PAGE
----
Now that fall’s here, homeowners in colder regions are wondering if their heating systems can run smoothly for another fall and winter. As most HVAC equipment lasts no more than 20 years, it’s wise to replace a system reaching the end of its shelf life with a more efficient model. For example, here’s a closer look at why a geothermal heat pump is well worth the investment.
How Geothermal Heat Pumps Work
Whereas many heating systems draw air from outside to warm interiors, geothermal pumps source heat from a few feet underground. In fall and winter, the temperature below the earth’s surface is higher than the air temperature.
Units are available in closed- or open-loop systems. With closed-loop operation, a plastic tube is placed in the ground to circulate antifreeze. Heat is transferred between the antifreeze and the refrigerant in the pump via a heat exchanger. People who live near bodies of water often install open-loop systems, in which water is sourced from a well and flows through the pump to transfer heat to the house.
How Homeowners Benefit
Approximately 70% of the energy used to operate a geothermal heat pump is renewable. Since the system doesn’t burn fossil fuels, it releases fewer greenhouse emissions that contribute to the depletion of the ozone layer and global warming.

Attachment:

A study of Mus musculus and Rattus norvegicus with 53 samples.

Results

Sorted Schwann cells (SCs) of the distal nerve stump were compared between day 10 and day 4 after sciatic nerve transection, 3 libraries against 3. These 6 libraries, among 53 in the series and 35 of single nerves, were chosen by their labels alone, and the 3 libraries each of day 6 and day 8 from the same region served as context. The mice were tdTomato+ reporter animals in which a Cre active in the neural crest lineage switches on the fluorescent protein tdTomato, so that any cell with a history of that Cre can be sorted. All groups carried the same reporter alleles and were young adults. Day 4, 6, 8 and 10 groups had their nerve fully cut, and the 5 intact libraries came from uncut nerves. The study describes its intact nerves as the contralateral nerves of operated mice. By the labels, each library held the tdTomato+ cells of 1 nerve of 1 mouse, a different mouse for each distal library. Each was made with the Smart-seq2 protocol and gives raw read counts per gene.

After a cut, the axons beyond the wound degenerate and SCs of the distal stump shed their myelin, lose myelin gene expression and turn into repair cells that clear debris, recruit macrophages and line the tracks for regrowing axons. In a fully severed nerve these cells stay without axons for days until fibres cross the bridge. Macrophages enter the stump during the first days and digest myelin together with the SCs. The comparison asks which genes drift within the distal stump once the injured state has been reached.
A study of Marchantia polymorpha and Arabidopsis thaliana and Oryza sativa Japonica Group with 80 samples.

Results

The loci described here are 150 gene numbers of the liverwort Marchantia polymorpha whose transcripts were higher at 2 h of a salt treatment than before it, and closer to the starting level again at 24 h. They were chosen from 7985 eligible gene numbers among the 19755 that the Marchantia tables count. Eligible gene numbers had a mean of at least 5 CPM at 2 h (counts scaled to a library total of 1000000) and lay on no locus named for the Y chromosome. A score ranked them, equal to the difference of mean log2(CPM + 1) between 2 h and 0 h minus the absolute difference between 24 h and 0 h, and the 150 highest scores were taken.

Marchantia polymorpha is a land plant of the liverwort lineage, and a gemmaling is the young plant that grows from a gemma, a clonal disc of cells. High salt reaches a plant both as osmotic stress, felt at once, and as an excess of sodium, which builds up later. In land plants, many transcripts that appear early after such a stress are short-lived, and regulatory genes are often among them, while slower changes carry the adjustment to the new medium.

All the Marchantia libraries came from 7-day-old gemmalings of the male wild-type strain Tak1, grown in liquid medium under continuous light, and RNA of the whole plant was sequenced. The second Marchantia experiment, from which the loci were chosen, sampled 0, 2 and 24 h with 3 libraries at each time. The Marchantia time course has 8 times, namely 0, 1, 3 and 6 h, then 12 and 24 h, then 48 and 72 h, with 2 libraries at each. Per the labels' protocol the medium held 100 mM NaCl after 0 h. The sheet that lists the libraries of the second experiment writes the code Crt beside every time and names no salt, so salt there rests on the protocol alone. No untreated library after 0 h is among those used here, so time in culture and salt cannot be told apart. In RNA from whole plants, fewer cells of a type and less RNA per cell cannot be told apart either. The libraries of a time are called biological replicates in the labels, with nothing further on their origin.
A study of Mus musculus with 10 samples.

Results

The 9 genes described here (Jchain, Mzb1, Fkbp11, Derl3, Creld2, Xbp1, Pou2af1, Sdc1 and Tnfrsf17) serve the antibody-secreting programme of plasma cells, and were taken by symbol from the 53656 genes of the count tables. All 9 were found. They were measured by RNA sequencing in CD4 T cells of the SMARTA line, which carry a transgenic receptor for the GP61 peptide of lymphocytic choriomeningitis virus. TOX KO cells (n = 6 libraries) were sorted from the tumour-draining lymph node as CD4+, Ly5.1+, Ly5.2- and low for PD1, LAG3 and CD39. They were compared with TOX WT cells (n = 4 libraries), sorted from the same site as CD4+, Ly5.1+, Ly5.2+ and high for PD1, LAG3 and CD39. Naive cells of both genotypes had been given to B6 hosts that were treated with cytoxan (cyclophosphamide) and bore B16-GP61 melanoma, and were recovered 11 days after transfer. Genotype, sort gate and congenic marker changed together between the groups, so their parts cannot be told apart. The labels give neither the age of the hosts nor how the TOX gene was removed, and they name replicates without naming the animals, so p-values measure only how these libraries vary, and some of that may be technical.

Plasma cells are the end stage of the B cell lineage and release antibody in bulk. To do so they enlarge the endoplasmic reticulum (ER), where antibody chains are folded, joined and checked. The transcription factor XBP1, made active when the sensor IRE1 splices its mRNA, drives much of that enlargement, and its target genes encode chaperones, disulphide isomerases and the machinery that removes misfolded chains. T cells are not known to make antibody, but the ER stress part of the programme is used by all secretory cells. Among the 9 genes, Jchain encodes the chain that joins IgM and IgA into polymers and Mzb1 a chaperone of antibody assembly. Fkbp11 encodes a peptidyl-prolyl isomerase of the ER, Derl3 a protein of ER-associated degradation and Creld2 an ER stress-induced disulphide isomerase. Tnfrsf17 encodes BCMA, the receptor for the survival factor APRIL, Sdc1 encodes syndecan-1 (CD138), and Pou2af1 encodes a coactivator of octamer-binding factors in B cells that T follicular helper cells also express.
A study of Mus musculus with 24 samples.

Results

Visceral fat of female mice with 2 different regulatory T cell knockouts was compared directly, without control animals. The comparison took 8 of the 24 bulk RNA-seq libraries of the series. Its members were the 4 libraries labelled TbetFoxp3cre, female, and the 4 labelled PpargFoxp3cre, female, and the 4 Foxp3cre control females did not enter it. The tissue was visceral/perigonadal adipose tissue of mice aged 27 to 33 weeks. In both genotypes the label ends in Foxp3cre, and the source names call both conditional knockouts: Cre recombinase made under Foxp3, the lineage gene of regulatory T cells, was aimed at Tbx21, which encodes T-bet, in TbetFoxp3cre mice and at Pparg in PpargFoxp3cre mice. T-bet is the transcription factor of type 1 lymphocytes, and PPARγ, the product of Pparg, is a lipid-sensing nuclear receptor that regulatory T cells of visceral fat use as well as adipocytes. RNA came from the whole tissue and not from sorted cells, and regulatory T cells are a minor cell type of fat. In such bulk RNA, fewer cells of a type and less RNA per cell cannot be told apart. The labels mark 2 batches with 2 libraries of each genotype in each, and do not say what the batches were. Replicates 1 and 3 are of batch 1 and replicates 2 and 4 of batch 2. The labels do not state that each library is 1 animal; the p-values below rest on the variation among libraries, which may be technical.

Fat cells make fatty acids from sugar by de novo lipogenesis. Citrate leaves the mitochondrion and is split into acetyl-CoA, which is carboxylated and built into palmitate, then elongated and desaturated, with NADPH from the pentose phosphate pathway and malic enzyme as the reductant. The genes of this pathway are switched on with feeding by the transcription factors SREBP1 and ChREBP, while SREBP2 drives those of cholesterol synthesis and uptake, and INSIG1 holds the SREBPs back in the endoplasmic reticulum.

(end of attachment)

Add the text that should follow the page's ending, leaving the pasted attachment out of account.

Due to these environmental benefits, there’s a 26% federal tax credit for installation. Some states allow homeowners to combine this credit with state tax exemptions for geothermal and solar heating and cooling. Additionally, since one unit provides heating and cooling for year-round comfort, you may only have to worry about half the repairs and maintenance costs.
How to Maintain Equipment
Reducing the strain on heat pump components is the best way to care for the system between professional HVAC maintenance appointments. So the system doesn’t work overtime, install a programmable thermostat and use the “auto” fan setting so that it only operates when needed.
When the unit’s air filter is clogged, parts work harder to pass air through the system, which reduces indoor air quality, increases energy bills, and wears down parts. Most experts recommend changing the filter every six months, though if you have shedding pets or issues with allergies, it may be wise to replace it every two to three months.
To ensure you have a heating system to keep your Ohio home warm this winter, contact the HVAC contractors at Anderson Automatic Heating & Cooling. Based in Cincinnati, the company has been providing HVAC repair and installation throughout Hamilton County for over 80 years. View the available Carrier® products online and call (513) 574-0005 for an environmentally friendly heat pump installation in your home.